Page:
Article 9 in Abe's sights
By MASAMI ITO
Prime Minister Shinzo Abe took a major step Friday toward achieving his ultimate goal of revising the Constitution, as the bill to establish procedures for a national referendum to amend the supreme code cleared the Lower House.
Abe has repeatedly stressed that revising the Constitution, which was drafted during the Allied Occupation, is one of his priorities.
"Sixty years have passed since the enactment of the Constitution," Abe said in his first speech of the year on Jan. 4. "Now is the time to clarify (the Liberal Democratic Party's) intention to create a new Constitution for a new era."
A known conservative, Abe has declared that Japan must "slough off the postwar regime." He already has managed to gain passage of the controversial education bill aimed at instilling patriotism in classrooms and the bill that turned the Defense Agency into a ministry.
In 1955, when the LDP was established, the party announced that one of its goals was to amend the Constitution. Now, more than 50 years later, the party is finally taking its first steps forward toward that goal.
Amending the Constitution requires a two-thirds vote in both the House of Representatives and the House of Councilors. Any changes also must be approved in a national referendum. But a legal framework for amendment has never been established.
"This is no ordinary law," said Hideki Mori, a professor at Ryukoku University specializing in the Constitution. "A national referendum to revise the Constitution will fundamentally determine the future of the nation."
If the bill is approved, the process for revising the Constitution will be complete. But political analysts, Constitution specialists and even LDP Secretary General Hidenao Nakagawa do not see a revision happening in the near future.
"Just because the referendum bill is approved does not mean that (lawmakers) will immediately move easily to revise the Constitution," Nakagawa told a recent news conference. "In order to revise the Constitution, there needs to be two-thirds approval from both the Lower and Upper houses. Therefore, (we) must first collect all the opinions (of each political party)."
In October 2005, before the bill was submitted to the Diet, the LDP drew up a draft for a new Constitution. Because the bill states that amendments will be based on individual proposals and not be completely rewritten, however, it is unlikely the draft will be used as is.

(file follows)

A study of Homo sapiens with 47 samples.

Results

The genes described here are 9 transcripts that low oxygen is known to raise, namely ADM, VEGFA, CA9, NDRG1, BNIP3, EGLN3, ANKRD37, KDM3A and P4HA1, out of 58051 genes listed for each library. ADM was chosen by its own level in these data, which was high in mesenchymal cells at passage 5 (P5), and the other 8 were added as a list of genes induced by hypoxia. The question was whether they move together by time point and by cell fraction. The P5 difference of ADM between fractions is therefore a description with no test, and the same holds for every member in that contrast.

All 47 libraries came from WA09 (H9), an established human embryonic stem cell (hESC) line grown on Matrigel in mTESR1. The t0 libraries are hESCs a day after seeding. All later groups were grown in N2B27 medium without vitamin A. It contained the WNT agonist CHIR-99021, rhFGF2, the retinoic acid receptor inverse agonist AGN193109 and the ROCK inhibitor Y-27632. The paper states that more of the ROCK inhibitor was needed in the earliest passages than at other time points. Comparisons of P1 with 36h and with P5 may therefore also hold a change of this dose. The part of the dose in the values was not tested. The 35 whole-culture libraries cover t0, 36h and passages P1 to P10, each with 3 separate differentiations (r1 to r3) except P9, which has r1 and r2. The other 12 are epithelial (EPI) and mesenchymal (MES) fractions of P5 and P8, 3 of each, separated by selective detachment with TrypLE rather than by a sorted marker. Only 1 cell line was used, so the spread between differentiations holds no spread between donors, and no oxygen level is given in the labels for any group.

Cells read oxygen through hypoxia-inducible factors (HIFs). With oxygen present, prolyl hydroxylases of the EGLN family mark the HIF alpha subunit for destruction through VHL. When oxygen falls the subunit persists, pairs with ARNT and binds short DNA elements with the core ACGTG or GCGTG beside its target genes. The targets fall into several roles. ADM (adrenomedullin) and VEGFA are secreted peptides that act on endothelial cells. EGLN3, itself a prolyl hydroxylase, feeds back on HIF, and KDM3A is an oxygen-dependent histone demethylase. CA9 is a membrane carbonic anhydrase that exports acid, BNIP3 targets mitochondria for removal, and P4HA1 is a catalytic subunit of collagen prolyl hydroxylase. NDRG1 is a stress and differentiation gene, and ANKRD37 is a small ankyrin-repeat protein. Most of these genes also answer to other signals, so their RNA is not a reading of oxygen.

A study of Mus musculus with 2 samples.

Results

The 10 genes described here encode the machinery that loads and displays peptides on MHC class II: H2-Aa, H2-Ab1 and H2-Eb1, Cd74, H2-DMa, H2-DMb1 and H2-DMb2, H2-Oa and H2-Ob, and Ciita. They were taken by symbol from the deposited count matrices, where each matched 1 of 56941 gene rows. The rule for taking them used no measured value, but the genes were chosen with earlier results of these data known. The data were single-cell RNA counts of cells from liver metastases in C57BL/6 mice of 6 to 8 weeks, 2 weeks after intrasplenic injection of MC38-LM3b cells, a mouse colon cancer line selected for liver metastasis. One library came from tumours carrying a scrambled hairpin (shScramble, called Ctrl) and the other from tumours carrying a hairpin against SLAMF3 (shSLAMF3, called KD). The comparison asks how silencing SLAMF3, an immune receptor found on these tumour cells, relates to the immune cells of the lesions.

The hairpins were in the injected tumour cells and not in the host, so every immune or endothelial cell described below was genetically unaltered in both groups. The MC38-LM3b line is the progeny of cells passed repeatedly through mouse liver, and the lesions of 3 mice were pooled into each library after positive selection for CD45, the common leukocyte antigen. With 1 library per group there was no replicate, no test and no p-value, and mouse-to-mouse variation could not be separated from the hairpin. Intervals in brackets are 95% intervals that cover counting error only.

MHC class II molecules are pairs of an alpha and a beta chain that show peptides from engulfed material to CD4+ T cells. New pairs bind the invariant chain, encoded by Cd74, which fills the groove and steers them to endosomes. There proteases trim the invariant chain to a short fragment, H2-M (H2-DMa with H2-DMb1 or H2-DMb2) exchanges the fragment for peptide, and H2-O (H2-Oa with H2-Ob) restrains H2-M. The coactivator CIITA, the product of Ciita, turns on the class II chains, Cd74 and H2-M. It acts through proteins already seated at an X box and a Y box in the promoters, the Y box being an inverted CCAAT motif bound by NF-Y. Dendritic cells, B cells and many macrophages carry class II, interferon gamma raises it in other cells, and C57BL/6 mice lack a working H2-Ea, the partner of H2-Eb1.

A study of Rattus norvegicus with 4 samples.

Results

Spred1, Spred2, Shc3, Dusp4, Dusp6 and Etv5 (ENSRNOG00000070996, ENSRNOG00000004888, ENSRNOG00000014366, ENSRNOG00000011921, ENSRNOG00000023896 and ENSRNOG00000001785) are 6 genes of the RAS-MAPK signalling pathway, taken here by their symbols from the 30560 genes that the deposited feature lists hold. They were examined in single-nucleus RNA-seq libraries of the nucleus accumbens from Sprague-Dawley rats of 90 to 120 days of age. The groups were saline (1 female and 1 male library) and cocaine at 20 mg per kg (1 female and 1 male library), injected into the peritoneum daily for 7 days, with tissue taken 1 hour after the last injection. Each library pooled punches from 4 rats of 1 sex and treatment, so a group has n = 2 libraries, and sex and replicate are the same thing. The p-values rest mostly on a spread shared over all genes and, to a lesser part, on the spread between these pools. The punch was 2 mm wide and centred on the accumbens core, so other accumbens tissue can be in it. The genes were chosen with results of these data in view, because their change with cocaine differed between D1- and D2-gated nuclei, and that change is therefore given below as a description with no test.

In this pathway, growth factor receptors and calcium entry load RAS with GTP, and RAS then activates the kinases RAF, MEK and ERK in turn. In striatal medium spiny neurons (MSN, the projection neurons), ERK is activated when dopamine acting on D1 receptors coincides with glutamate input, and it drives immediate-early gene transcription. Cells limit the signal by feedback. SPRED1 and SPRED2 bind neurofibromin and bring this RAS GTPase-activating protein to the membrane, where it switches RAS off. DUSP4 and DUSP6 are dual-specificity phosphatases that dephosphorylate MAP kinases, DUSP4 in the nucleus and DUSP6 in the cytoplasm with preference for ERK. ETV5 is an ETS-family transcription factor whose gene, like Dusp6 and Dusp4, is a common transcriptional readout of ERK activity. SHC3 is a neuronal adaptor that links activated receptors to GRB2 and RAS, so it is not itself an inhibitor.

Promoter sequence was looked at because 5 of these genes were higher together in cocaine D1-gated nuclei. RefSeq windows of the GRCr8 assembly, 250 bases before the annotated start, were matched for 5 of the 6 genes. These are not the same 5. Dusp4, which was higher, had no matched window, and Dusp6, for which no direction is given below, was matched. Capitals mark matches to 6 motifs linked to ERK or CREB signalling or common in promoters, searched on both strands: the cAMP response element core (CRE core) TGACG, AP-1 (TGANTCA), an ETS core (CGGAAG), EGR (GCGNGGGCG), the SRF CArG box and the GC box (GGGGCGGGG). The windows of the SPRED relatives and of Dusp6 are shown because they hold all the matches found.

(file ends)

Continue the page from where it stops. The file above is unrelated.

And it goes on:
One of the major targets in the LDP's revision draft is the war-renouncing Article 9, which would be rewritten to officially allow Japan to possess a military for defense, thus reflecting the current reality that it does.
The draft retains Article 9's Clause 1, which states that the nation renounces war as a means of settling international disputes, but deletes Clause 2, which prohibits Japan from possessing a military, since that is exactly what the Self-Defense Forces are, if not by name.
Mori said this fundamental change would officially enable the current military to operate overseas.
The preamble of the LDP's draft Constitution also touches upon patriotism, stating "the Japanese people jointly hold an obligation to support and protect their country and society with affection, a sense of responsibility and spirit."
Mori, however, pointed out that the amendments were not that major, adding that he thought the draft in its present form was being used to lull the general public into the belief that the LDP won't do anything drastic to the Constitution.
"I think (the draft) embodied a soft approach that drew criticism even from within the party," Mori said. "But there is no guarantee that the LDP will base an actual (bill to revise the Constitution) on the draft. . . . Naturally, there is the possibility that it will insert old (conservative) ideas."
Meanwhile, the Democratic Party of Japan, the largest opposition force, came up with its own proposal a few days after the LDP completed its draft in 2005.
The DPJ also proposed amending Article 9, but in a way that allows it to stay more faithful to the spirit of the article and to Japan's obligations as a member of the United Nations.
The proposal, which calls for the "restrictive" exercise of defense, would reserve the use of force only for emergencies until the United Nations can assist under its collective security activities.
This is based on Article 51 of the U.N. Charter, which states that "nothing in the present Charter shall impair the inherent right of individual or collective self-defense if an armed attack occurs against a Member of the United Nations, until the Security Council has taken measures necessary to maintain international peace and security."
Overall, Mori said, the two largest parties appear to be sharing the same fundamental idea.
"The spirit of how (the two parties) view the Constitution is similar," Mori said. "The modern Constitution is a means for the general public to restrain the powers of authorities, but (the two parties) are trying to change that idea into creating a Constitution that stipulates goals embraced by both the public and the authorities."
Mori, however, pointed out that when the debate over constitutional revision heats up, opinions within both the LDP and DPJ will be divided because both parties have liberal and conservative elements.